CHICAGO — Most patients with cocaine-associated chest pain were observed by cardiologists and emergency physicians in accordance with non-STEMI guidelines for non-cocaine-associated chest pain, according to data presented at the American Heart Association Scientific Sessions.
The European Society of Cardiology guidelines recommend observing patients with chest pain who may have non-STEMI between 3 and 6 hours, but the AHA recommends that patients with cocaine-associated chest pain be observed for at least 12 hours, according to the study background.
Femke Gresnigt, MD, emergency physician at OLVG in Amsterdam, and colleagues analyzed data from 214 medical professionals who were cardiologists (n = 95) or emergency physicians (n = 117) in the Netherlands. There were 83 cardiology or emergency physician residents.
Surveys were performed from July 2015 to February 2016 to collect information on risk-stratification method, knowledge of risk, follow-up and clinical management.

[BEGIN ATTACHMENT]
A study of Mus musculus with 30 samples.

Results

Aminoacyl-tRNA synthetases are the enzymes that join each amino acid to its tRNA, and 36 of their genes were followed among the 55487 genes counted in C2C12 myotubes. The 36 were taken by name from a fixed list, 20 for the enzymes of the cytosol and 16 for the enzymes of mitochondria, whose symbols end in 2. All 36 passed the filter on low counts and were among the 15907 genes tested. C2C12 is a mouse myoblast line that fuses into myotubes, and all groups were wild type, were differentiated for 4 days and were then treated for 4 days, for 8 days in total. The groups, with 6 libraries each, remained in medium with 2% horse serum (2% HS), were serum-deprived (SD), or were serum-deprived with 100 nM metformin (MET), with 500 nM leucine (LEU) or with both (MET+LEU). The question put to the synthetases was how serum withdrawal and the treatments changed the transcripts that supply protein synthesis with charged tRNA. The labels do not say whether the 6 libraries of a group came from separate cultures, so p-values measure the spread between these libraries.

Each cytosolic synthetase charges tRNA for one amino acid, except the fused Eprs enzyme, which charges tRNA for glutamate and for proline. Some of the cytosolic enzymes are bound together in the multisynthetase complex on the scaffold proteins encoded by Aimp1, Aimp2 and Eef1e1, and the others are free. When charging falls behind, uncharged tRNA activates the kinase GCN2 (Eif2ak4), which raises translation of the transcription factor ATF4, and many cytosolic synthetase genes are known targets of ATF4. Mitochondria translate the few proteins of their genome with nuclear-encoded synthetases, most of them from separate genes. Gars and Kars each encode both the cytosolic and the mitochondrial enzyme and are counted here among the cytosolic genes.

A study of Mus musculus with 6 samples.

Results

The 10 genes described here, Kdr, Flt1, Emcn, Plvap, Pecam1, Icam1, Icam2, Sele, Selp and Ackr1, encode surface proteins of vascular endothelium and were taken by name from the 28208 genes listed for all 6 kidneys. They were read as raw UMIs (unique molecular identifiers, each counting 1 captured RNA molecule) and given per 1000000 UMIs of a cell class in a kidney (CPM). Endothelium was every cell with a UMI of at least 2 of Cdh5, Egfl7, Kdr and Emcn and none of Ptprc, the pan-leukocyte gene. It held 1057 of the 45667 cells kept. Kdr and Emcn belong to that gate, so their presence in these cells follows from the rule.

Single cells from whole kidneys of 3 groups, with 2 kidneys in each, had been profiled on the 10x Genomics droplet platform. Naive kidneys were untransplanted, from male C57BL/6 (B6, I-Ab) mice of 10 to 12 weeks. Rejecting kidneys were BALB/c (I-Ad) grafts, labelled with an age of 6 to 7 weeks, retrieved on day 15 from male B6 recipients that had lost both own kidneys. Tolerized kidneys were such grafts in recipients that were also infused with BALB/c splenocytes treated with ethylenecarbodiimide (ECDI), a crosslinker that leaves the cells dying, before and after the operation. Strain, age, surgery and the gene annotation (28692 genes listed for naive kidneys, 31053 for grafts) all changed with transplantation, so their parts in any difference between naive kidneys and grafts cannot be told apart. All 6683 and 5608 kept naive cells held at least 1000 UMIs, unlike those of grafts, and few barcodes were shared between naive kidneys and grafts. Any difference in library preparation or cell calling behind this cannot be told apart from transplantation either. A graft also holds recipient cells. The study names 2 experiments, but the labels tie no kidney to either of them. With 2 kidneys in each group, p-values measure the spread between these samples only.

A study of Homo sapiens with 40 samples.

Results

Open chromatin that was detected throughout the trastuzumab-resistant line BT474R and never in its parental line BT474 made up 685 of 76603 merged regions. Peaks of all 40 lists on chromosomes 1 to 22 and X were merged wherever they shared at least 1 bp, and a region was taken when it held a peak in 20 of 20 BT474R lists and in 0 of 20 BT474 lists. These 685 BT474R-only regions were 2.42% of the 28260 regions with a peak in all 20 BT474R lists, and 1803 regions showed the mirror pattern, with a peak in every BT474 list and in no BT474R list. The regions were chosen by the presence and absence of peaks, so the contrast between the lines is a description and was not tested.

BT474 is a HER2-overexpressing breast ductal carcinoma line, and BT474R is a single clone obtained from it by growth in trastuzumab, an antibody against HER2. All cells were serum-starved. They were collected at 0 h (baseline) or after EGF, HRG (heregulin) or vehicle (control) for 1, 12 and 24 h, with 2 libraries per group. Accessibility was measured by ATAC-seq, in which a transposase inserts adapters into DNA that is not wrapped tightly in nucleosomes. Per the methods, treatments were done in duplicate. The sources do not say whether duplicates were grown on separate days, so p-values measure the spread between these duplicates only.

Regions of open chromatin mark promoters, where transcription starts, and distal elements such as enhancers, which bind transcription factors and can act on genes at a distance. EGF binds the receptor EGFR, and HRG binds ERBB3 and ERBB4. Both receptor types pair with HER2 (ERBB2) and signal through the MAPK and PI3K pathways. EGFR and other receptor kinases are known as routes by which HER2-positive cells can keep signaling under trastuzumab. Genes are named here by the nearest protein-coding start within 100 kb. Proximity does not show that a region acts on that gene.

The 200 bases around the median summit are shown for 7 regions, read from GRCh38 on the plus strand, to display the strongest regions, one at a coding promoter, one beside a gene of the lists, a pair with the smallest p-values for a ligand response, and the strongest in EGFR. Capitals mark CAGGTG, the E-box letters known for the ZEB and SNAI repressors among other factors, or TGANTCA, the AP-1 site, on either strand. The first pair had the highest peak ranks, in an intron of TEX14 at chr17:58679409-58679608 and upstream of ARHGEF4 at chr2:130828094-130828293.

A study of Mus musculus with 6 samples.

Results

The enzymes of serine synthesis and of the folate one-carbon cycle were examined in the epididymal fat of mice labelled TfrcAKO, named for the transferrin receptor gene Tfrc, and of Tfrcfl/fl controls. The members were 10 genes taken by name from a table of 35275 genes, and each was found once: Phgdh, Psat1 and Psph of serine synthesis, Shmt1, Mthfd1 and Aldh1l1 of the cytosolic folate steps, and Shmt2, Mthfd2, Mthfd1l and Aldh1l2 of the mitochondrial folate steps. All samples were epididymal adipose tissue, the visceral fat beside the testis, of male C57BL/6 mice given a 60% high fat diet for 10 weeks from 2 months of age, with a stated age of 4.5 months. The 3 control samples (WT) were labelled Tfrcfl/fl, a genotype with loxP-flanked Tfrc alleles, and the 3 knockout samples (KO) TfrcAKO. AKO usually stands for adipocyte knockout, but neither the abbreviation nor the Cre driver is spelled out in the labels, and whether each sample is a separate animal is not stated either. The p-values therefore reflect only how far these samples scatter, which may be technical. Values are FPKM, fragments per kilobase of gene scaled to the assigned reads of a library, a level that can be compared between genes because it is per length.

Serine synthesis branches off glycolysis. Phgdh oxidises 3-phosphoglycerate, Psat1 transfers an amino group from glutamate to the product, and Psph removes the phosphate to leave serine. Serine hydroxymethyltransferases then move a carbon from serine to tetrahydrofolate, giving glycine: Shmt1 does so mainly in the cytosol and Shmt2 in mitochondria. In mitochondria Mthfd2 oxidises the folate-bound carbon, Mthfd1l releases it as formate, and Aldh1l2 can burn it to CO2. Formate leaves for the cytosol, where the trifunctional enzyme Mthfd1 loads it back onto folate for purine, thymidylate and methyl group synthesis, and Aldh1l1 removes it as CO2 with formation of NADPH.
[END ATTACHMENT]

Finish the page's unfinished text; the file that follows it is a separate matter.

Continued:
Of the medical professionals in the study, all considered cocaine use as a risk factor for ACS, although 73% did not perform tests to confirm the diagnosis.
Four percent of cardiologists and emergency physicians reported they observed a patient with cocaine-associated chest pain for 12 to 24 hours.
Most responders (61.7%) reported that they adhered to the ESC non-STEMI guidelines.
“This practice [of observing patients] is not in accordance with the AHA recommendation of a 12-hour observation period,” Gresnigt and colleagues wrote. – by Darlene Dobkowski
Gresnigt F, et al. Poster Mo1294. Presented at: American Heart Association Scientific Sessions; Nov. 10-12, 2018; Chicago.
Disclosures: The authors report no relevant financial disclosures.